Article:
If You Liked It Then You Should Have Put A [Nose] Ring On It

In today’s society we see all kinds of piercings, whether it be ear piercings, body piercings or facial piercings, but have you ever wondered about the origin of them?

Many of these piercings have been around for hundreds of years with strong ties to certain cultures’ practices and religious beliefs. In Middle Eastern cultures facial piercings are widely popular, specifically the nose piercing in Indian culture. Nose piercings in Indian culture have been found to date back to the 16th century and, although the significance differs region to region, in most cases, it has a direct link to marriage.

Nose piercings can be worn by anyone in the nostrils, septum, and the bridge of the nose, but in India, women typically wear them in the left nostril. In the practice of traditional Indian medicine, called Ayuvedra, piercing the left nostril is said to make childbirth easier and lessen menstrual pain.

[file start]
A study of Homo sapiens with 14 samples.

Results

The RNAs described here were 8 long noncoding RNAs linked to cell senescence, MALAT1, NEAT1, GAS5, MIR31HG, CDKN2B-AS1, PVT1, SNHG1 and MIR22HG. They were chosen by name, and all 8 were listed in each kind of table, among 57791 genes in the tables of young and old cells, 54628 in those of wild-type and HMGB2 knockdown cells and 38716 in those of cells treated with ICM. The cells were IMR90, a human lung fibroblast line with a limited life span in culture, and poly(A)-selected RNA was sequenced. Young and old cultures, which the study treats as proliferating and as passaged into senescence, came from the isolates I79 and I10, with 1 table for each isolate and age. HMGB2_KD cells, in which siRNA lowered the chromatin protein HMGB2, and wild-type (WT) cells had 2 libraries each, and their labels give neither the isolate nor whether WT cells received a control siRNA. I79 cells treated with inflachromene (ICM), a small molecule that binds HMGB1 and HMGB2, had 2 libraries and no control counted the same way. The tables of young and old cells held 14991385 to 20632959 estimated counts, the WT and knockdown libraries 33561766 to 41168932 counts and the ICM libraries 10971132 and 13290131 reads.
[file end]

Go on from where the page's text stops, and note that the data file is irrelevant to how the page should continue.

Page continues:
In the Hindu religion, piercing the nose is seen as a way of honoring the Hindu Goddess of marriage, Parvathi. Hindu women following this tradition will get their noses pierced around the age of 16, which is seen as the age a woman can be married.


In some parts of India, the size of the nose ring is a sign of financial power and the family status. As the family’s status and finances increase, the size of the nose ring will also increase. In some cases, the man will propose to the woman using a nose ring, just as finger rings are used in western tradition.

In other cultures the bride would have her nose pierced as her wedding day approached. On the bride’s wedding day, as part of the sixteen beautification processes of a bride, a large nose piercing with precious gems is worn. The nose ring is connected to a chain that is fastened to her hair. Then on the honeymoon, the groom would remove the chain. Once married the bride always wears a nose ring, as it is considered to be a sign of a married woman. However, the jewelry is often removed upon the death of the woman’s husband.

Today many unmarried women and young girls in India wear nose rings as a fashion statement with no religious or traditional implications. The piercing is highly popular, not just in India but all over the world with all genders wearing it on both sides of the nose. Sometimes it is interesting to take a step back and find out why we do the things we do. Often times the answers can be incredibly fascinating. Who knew that nose piercings were traditionally connected to marriage?